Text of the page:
Italian film “Me, Myself and Her” is a controversial must-see


Spoiler alert (yes, already): this movie contains cheating with a penis. If you have a rule about not watching such films, I respect that. BUT, I still think you’ll like it if you give it a chance. Maybe start with this review?

Italian women in their 50s in love. With each other. In Italian. Come on, you know you’re tempted. Coincidentally, temptation is a big theme in this film. That’s Maria Sole Tognazzi’s Me, Myself and Her (Io e Lei) for you. 

me myself and her poster

Obviously, this movie is not without its drama, but it delivers on the funny as well and is pretty light in tone overall. The same goes for the couple at the center of the film, Federica (Margherita Buy) and Marina (Sabrina Ferilli).

Federica and Marina have been together for five years and have built themselves a really nice life, as you’ll immediately be able to tell by looking at their home. It’s really no surprise because they’re both successful and ambitious women. Federica is an architect, whereas Marina is a former actress-turned-restaurateur.

Marina is super secure in her sexuality. In fact, if you pay close attention, you’ll notice she’s got a tattoo of two female sex symbols interlocking on her hand. She spent way too much time covering up the truth about herself as an actress to stay in the closet now.

By contrast, Federica is a lot more reserved. She’s not out at work, though to be fair, she works in a much more conservative environment than Marina. Still, she has other hang-ups as well. Having been married and given birth to a son, she worries that her son’s distant attitude may have something to do with her being with a woman. And while you see Federica attend Marina’s family events, Marina never gets invited to Federica’s.


These two women may seem like an unlikely couple (as others in the movie comment), but they actually have great chemistry. And you know what? They’re often just as boring as the rest of us, cuddling up to watch their favorite show. They even have a cat! It might have all become too domestic for Federica, who starts seeing problems where they don’t exist.

For instance, instead of being happy for Marina when she gets offered a small role in a film, all she can think about is the renewed press around her girlfriend and what that means in terms of outing her. Even if the press did go digging around or Marina slipped, the truth remains that Federica is very respected in her field and dating an adored actress wouldn’t change that. But she just can’t see that.

None of that, however, compares to what she does when she bumps into an old flame of hers. Marco and Federica never really got to live out their love story, but if you ask me, now isn’t the time! But Federica is visibly restless, and when she gives in, it’s not exactly surprising.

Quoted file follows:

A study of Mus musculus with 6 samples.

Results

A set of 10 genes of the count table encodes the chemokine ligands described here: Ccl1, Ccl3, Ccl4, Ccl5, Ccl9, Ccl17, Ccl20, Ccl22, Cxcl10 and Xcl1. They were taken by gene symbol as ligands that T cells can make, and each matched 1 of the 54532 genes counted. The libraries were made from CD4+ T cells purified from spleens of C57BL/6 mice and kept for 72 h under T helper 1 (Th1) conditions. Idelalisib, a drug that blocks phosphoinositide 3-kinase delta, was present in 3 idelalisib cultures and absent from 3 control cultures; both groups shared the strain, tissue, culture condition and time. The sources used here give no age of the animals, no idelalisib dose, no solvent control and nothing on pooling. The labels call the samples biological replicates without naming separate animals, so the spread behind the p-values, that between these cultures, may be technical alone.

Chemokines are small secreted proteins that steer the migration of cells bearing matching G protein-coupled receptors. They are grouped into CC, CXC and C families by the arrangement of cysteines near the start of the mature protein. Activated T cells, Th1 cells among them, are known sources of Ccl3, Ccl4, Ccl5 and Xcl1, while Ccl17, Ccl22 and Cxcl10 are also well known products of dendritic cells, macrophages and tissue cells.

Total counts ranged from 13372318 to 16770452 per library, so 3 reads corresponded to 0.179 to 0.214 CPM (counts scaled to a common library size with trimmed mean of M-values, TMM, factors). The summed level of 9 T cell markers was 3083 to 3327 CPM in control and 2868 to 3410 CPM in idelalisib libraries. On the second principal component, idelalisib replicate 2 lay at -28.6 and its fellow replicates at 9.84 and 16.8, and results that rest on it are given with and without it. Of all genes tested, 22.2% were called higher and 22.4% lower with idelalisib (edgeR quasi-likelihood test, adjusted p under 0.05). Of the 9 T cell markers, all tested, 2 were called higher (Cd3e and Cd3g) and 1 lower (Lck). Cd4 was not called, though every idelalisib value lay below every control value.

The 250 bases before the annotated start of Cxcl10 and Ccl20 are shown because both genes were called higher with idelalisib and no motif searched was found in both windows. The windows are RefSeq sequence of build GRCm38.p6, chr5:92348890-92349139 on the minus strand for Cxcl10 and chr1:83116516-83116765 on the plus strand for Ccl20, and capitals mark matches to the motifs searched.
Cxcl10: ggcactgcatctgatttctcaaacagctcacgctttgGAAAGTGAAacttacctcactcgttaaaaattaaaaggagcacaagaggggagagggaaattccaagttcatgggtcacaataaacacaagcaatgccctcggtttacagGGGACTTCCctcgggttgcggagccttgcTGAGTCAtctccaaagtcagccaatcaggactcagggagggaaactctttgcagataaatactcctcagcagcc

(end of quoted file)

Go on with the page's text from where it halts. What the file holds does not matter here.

That’s a pretty big plot point to be casually dropping in a review, but it colors so much of what comes after (and there’s a lot) that it has to be mentioned. Federica cheats more than once, and that says something about her character. It also says something about Marina that when she finds out, she doesn’t play the victim. In a powerhouse move, she instead confronts both Federica and Marco.


This all culminates in a discussion we rarely see on film. Marina is disgusted that Federica cheated especially because it was with a man. But Federica reminds her that she never said she was gay. It was Marina and others that put that label on her. Marina is the first and only woman she’s ever been with. That’s not an excuse, and this isn’t me defending Federica. But this is me saying bi-erasure matters, and it certainly hurt Federica.

This scene also needed to happen to humanize Marina. She is undoubtedly the most sympathetic character in the film. She’s out, she involves her girlfriend as much as she feels comfortable with and she doesn’t cheat (although Tognazzi made the clever decision to set up another potential love interest for her, because who wouldn’t be enticed by Sabrina Ferilli?!). You can add a bunch of other achievements and amazing personality traits to that list, so it’s actually a bit of a relief to know she’s not perfect.

By the way, I couldn’t defend Federica even if I wanted to: she’s cold as ice about her actions. It’s not that she doesn’t know what she did was wrong or that she doesn’t feel bad about hurting Marina–she’s just feeling too trapped to really see what her actions mean for the future of their relationship and her own happiness.


If it ended here, I wouldn’t ask you to waste your time with this film. Fortunately, it doesn’t. These two women are fighters, and they love each other. They’re going to fight for their relationship. Even if to mixed results.

Me, Myself and Her plays at the MiFo LGBT Film Festival in Miami Beach on April 29. For updates on future screenings, visit the movie’s Facebook page.